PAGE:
Malcolm and Ann’s longish visit gave us yet another opportunity and excuse (not that we really need any) to get out and about in this wonderful part of the world. After they had made themselves at home and had a cup of tea, we showed them our immediate locality..
So, first to St Keyne’s Well, then to show them progress (or lack of it) in re-developing our local Hotel, next to view the marvellously-named local station,
then to Duloe to examine our mini stone circle and the medieval church with its leaning tower..
Inside we looked at the Norman font and the Coleshull chantry chapel which was added to the north of the chancel and is one of the glories of Cornish church architecture. A rood screen was added between nave and chancel, and the chapel was provided with a parclose screen. The chapel still contains the tomb with recumbent effigy of Sir John Coleshull,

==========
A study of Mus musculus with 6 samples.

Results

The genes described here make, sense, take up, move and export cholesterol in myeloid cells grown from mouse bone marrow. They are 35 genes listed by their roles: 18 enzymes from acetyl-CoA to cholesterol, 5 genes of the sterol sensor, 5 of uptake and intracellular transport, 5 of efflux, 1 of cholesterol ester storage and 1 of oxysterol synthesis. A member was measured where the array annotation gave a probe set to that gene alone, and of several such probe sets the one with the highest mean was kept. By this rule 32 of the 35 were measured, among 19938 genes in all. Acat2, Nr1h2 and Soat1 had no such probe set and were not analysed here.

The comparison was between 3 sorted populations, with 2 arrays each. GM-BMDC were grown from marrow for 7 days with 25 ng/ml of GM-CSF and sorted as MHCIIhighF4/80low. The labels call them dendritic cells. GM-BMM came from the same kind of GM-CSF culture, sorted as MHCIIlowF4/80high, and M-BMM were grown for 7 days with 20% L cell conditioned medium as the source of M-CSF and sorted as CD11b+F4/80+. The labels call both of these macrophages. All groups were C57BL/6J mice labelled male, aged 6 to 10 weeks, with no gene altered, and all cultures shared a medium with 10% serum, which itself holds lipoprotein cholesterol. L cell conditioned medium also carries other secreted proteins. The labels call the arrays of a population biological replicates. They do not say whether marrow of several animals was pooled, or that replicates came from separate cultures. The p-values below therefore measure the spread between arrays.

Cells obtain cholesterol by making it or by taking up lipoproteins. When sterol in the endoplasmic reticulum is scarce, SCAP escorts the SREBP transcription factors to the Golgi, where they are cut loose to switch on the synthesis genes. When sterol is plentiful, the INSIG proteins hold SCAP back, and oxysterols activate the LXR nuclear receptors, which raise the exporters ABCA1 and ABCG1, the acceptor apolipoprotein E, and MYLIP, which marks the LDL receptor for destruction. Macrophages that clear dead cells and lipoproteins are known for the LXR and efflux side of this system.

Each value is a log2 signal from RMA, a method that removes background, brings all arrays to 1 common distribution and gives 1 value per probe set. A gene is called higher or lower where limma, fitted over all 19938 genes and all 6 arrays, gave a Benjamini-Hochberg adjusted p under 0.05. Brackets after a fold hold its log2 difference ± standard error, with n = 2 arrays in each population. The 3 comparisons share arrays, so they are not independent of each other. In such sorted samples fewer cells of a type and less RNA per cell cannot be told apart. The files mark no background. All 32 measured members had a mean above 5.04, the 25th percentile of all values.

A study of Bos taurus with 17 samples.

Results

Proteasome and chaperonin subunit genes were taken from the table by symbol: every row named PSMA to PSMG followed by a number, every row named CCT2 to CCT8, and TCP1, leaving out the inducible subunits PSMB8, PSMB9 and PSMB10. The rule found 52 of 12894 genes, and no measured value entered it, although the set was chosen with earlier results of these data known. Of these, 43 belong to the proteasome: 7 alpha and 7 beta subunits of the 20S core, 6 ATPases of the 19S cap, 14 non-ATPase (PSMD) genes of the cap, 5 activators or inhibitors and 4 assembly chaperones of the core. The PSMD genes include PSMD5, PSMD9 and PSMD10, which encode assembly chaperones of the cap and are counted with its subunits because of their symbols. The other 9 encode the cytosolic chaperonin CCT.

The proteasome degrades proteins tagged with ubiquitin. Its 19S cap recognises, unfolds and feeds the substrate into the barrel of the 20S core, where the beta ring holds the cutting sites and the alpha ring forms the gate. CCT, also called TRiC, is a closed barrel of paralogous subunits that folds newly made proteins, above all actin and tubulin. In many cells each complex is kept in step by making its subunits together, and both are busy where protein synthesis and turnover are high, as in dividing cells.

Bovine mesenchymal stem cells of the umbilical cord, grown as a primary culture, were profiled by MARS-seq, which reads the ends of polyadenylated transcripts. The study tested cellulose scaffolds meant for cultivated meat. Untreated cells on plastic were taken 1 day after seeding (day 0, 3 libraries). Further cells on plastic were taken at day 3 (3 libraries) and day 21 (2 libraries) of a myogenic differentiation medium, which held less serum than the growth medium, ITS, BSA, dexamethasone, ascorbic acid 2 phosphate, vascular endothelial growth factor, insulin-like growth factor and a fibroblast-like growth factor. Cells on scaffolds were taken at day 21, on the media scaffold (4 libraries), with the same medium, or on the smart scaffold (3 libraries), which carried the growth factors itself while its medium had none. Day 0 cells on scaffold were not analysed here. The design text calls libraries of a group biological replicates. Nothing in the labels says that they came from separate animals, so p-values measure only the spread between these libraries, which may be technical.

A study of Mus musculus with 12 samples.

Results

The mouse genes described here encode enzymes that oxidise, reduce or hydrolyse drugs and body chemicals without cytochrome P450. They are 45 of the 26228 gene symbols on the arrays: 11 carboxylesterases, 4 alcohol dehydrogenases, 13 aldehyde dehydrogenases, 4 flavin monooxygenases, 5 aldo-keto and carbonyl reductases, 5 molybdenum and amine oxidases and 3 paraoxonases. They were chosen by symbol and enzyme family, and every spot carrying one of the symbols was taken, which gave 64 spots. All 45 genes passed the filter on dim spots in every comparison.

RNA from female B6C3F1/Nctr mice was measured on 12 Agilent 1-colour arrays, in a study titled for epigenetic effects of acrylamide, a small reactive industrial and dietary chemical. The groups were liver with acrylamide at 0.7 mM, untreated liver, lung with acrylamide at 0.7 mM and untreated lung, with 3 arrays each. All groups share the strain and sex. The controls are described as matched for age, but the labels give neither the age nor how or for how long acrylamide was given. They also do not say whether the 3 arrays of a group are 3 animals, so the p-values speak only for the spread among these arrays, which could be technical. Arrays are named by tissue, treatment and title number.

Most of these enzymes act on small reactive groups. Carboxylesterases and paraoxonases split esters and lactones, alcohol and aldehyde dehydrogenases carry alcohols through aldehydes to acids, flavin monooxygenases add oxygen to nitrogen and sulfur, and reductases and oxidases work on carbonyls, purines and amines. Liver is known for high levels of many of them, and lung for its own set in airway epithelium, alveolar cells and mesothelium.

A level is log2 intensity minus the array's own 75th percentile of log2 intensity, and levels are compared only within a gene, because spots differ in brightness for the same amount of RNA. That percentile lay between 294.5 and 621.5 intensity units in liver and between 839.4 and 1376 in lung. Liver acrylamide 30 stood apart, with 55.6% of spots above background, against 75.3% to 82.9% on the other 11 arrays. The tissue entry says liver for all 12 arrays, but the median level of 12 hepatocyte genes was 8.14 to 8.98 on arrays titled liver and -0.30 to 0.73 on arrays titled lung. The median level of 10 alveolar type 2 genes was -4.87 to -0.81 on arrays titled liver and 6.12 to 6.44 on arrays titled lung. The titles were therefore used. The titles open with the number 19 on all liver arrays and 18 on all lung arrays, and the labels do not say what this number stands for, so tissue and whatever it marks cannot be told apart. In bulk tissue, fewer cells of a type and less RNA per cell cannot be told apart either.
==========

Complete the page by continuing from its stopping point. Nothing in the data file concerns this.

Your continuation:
for whose soul the masses celebrated in this chantry chapel were intended to intercede. However, worthy Sir John no longer gazes up into the eyes of an angel (an otherwise unexplained corbel below the arch between chancel and chapel where the tomb was designed to stand). The arch is carved with vines and grapes, crowned roses, angels, family coats of arms, tiny statue niches and even an upside down green man. The slate monuments were also fascinating and very well done.
After a brief look at some of the interesting gravestones outside, we decamped to Looe and Hannafore point to show Malcolm and Ann how lucky we are to live nearby. Whilst there we pointed out the banjo pier built by local bigwig Joseph Thomas which has been replicated over the world…then home for Lancashire hotpot!